Eventually, my stupidity was exposed. It happened when I sat on a panel, talking about my company’s social strategy. The other panelists lectured like Ph.Ds – me, I felt like I was teaching 2 + 2 = 4.
I’ll say it again, “What the heck are these people talking about?” Too often, social media’s portrayed as quantum physics. If Stephen Hawking wants to talk social media, then let him talk to the physicists. For the rest of us, social media doesn't have to be so dang difficult. This isn't rocket science.
And that’s the one myth.
The Rocket Science Myth
Social media isn't rocket science. You can portray it that way; start throwing around terms like SMMS, content curation, engagement. All this jargon muddies the playing field, but in the end, social media, at its heart, is about interesting stuff. Some might call it “value-add” (sorry, jargon), but put simply, its sharing something useful with your readers.
The Heavy Lifting
And that brings us to the one truth.
Social media is hard – hard like Tim Robbins in The Shawshank Redemption, who took 20 years to tunnel through his prison wall. One post doesn't support a blog, just like one tweet doesn't fuel a Twitter stream. Like Shawshank, you've got to put forth some effort – everyday – if you want to break through the social media wall. Without the effort, get used to prison food.
However, “hard” is not synonymous with “impossible.” In social media, “hard” is actually synonymous with “success.” Here’s 3 things that make social hard. Face them head on, and you’ll find yourself on the other side of the Shawshank wall.
Garbage In, Garbage Out
If the internet’s an information factory, then social media’s a pipe carrying the runoff to your readers. Of this runoff, let’s say 90% of it’s carbon dioxide and 10% of it’s oxygen. In which percentage does your shared content fall?
Hard work #1: If you’re not offering oxygen to your followers, then you’re polluting them. Social media, at its core, has two layers of hard work: 1) you have to share, share, share; and 2) what you’re sharing has to be interesting, interesting, interesting. The latter’s hard work because it takes thought, creativity and (if you’re searching for content to share) research.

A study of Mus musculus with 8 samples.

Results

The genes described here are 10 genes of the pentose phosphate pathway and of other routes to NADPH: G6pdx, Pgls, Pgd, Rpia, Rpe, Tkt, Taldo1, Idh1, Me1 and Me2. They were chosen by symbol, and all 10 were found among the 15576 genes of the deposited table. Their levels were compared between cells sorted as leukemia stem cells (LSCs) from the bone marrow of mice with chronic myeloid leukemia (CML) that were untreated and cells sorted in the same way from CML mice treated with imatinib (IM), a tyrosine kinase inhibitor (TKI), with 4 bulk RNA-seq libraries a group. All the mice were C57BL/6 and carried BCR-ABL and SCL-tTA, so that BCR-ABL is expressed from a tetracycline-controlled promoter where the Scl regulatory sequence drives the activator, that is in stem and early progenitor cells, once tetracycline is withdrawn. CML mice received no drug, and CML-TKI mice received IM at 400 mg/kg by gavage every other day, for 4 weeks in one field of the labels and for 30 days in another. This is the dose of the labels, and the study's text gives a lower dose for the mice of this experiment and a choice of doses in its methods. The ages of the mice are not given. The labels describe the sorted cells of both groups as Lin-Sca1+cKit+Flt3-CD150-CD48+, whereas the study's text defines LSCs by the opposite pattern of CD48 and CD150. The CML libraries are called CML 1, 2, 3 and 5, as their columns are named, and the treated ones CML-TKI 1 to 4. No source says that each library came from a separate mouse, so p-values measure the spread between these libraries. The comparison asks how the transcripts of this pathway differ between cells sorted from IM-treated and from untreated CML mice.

One Man’s Title Is another Man’s Trash
This is the hardest to recognize, the hardest to believe in, the hardest to master. It took me about a year to realize this truth, which is: many article/blog titles stink. Or maybe they don’t stink. Maybe they’re just not written for your audience.
Hard work #2: If you’re sharing content from other bloggers, rewriting titles is vital. Great text doesn't necessarily equal a great title. Think about it – what’s most important to any writer? Answer: the meat and potatoes, not the gravy on top. Titles, sadly, are an afterthought.
When sharing content, the default is to doze on titles (something I suffered from for many years). It’s a “Just Post It & Forget It” mentality. But let me ask you this: Do you think my titles are written for your social media audience? Heck no they’re not! I selfishly write them for my audience, just like any other author. So why do you share titles verbatim if they’re written with selfish intentions? Start working hard, rewrite titles, and aim them at your audience.
Stop Vomiting All Over Your Blog
No apologies for this graphic image. Too many bloggers vomit all over the page, which makes for some very unpleasant reading. Ever clicked a great Tweet, only to have those 140 characters transformed into a 10 page blog? Condensing information is a must, but it’s hard if you’re too busy to read through an article and pull out the highlights. It’s even harder if your ego finds pleasure in writing long, academic blogs.
Hard work #3: If your followers read while sipping cognac or while they’re sitting in a smoke filled, 18th Century reading room, then by all means, offer them a tome. If not, then you've only got a small window to grab their attention.
I’ve mentioned Roy Peter Clark before, who, in his book “How to Write Short,” mentions the practice of “reading at a glance.” He says:
When you practice that single glance [of the entire text], you can begin to make predictions about how the reading will go.
Frist-glance reading is venomous to long writing. The antidote – condense. It’s hard to slash and burn your over-writing, and likewise, it’s hard to distill what somebody else has written. The path of least resistance is to quit after your first draft or quit after you cut and paste. However, if you follow these paths of least resistance, guess what? You’re offering your readers a path of least resistance: a first-glance that says, “Skip it.”
Social Media presence is hard work and long-term process. One can't just do it overnight! Although there are paid applications to increase follower, the question are they really worth it!